In recent weeks, Walmart and Chewy are taking drastic measures to rapidly deploy their automated warehouses.
Walmart has laid off well over 3,000 warehouse workers in recent weeks — including around 950 jobs in California, 1,000 in Texas, 600 in Pennsylvania, 400 in Florida and 200 in New Jersey, according to filings to Worker Adjustment Retraining Notification. Walmart conducted these layoffs around the same time it confirmed its plans to invest more in automated warehouses. Chewy, meanwhile, is advancing its automation initiatives by closing down two of its fulfillment centers, and while it gave workers the option to transfer to nearby locations, those that don’t will be separated from employment.
These mass layoffs and warehouse closures exemplify some of the ways retailers are heavily rolling out automated warehouses after years of slowly experimenting with these technologies. Experts said that retailers aim to streamline costs and speed up their delivery capabilities by investing heavily in automation. They added that warehouse technology has become more advanced and it shields retailers from labor shortages or changes in consumer demand.
“It makes sense to actually go with that automation,” said Patrick Penfield, professor of supply chain management practice at Syracuse University. “Automation doesn’t call in, doesn’t get sick, can work unlimited hours. So it’s coming to the point now where it just is more cost-effective to use up more automation than labor.”
E-commerce helped fuel the boom in warehousing jobs during the early days of the pandemic, which resulted in some retailers over-investing in traditional warehouses, Penfield said. Now retailers are beginning to recalibrate their investments away from labor and into innovative automation technologies. Recent data from the Labor Department indicate that U.S. employers slashed 11,800 jobs in warehouse and storage between February and March.
Getting serious with warehouse automation
Walmart and Chewy have invested in automation technology in smaller capacities in the past. Chewy first invested in automation back in 2019 and it opened its first automated warehouse a year later in Archbald, Pennsylvania. Walmart, on the other hand, initially brought autonomous robotics from Symbotic to its Brooksville, Florida distribution center in 2017.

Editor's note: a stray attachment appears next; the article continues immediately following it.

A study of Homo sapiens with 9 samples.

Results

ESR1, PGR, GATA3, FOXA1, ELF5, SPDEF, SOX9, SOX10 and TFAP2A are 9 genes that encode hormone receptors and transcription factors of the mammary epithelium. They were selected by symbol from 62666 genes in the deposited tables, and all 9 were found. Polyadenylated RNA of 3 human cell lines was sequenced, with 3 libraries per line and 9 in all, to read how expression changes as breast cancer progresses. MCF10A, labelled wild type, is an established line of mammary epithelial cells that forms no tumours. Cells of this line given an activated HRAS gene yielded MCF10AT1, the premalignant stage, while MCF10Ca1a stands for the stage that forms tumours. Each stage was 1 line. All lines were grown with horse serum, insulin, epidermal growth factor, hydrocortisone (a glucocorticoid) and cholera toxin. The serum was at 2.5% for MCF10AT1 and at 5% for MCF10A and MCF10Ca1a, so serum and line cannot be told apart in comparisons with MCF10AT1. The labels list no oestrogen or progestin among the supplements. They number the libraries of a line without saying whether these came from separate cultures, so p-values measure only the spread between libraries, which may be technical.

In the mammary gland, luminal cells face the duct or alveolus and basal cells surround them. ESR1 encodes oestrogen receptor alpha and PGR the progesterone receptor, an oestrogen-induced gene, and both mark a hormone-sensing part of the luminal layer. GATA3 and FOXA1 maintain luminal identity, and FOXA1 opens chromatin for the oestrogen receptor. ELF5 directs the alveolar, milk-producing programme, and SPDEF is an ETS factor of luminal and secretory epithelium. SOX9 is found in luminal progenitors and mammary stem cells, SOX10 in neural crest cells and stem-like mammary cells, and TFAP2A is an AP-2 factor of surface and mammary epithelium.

In the past, Penfield said that warehouses had robots to bring materials from point A to point B. Now he said these robots are also able to package items. That would lessen the need for workers to do certain tasks.
For instance, at a 3.8-million-square-foot warehouse in Clay, New York, only around 1,000 workers are employed due to robots being used in the facility. Penfield said that just a few years ago, the idea that a giant facility would be run by so few workers is unheard of.
“The technology now is just getting so much better,” he said. “A lot of companies are seeing ROIs of less than a year with some of this automation that they’re procuring.”
During its investor day meeting earlier this month, Walmart told attendees it would lean more toward automation moving forward. Executives said Walmart’s investments in technology, including supply-chain automation are producing returns well above what they expected.
“By the end of FY26, we expect approximately 65% of stores will be serviced by automation,” said John David Rainey, chief financial officer at Walmart. “We estimate approximately 55% of our fulfillment center volume will move through automated facilities, and unit cost averages could improve by approximately 20%.”
In the case of Chewy, investments in automated fulfillment centers mean having to shed off outdated assets. CEO Sumit Singh cited the success of its automation investments as the reason why Chewy closed down two of its oldest fulfillment centers during an earnings call in March. The company said that it plans to open a fourth automated facility in Nashville in the first half of the year.
“The punch line here is that in 2023, we expect to continue benefiting from the strategic investments we made just a few years ago in warehouse automation,” Singh told investors and analysts. “Moving forward, we remain committed to demonstrating strong operating discipline in running the business and tightly managing expenses along the way.”
Thanks to increased productivity and ongoing volume shift into automated facilities, Chewy said that its system-wide variable fulfillment cost for every order declined 13% year-over-year.
Hilding Anderson, head of strategy for retail in North America at Publicis Sapient, said that fulfillment centers do have an expiration date as their operations can become outdated. For example, HelloFresh closed down its Richmond, California facility in October as its layout has become inefficient and its refrigeration systems are out of date.
“There’s an actual lifecycle for any physical facility,” Anderson said. “You got to look at where it is and how cost-effective it is to upgrade.”
As retailers continue to roll out automated fulfillment centers on a broader scale, Penfield said that this could change the job description of warehouse workers. He added that retailers might begin employing more warehouse workers with advanced degrees.
“I think what will happen is that you will see less warehouse workers with a high school degree basically,” Penfield said. “What you’re going to be looking for are folks more with an engineering technology type of background.”
Amazon is already preparing for this shift by planning to upskill 300,000 associates by 2025. While these high-tech warehouses reduce the need for labor, it still needs people to ensure the machines run smoothly. The company said it is investing $1.2 billion in upskilling workers who are employed in highly automated distribution centers.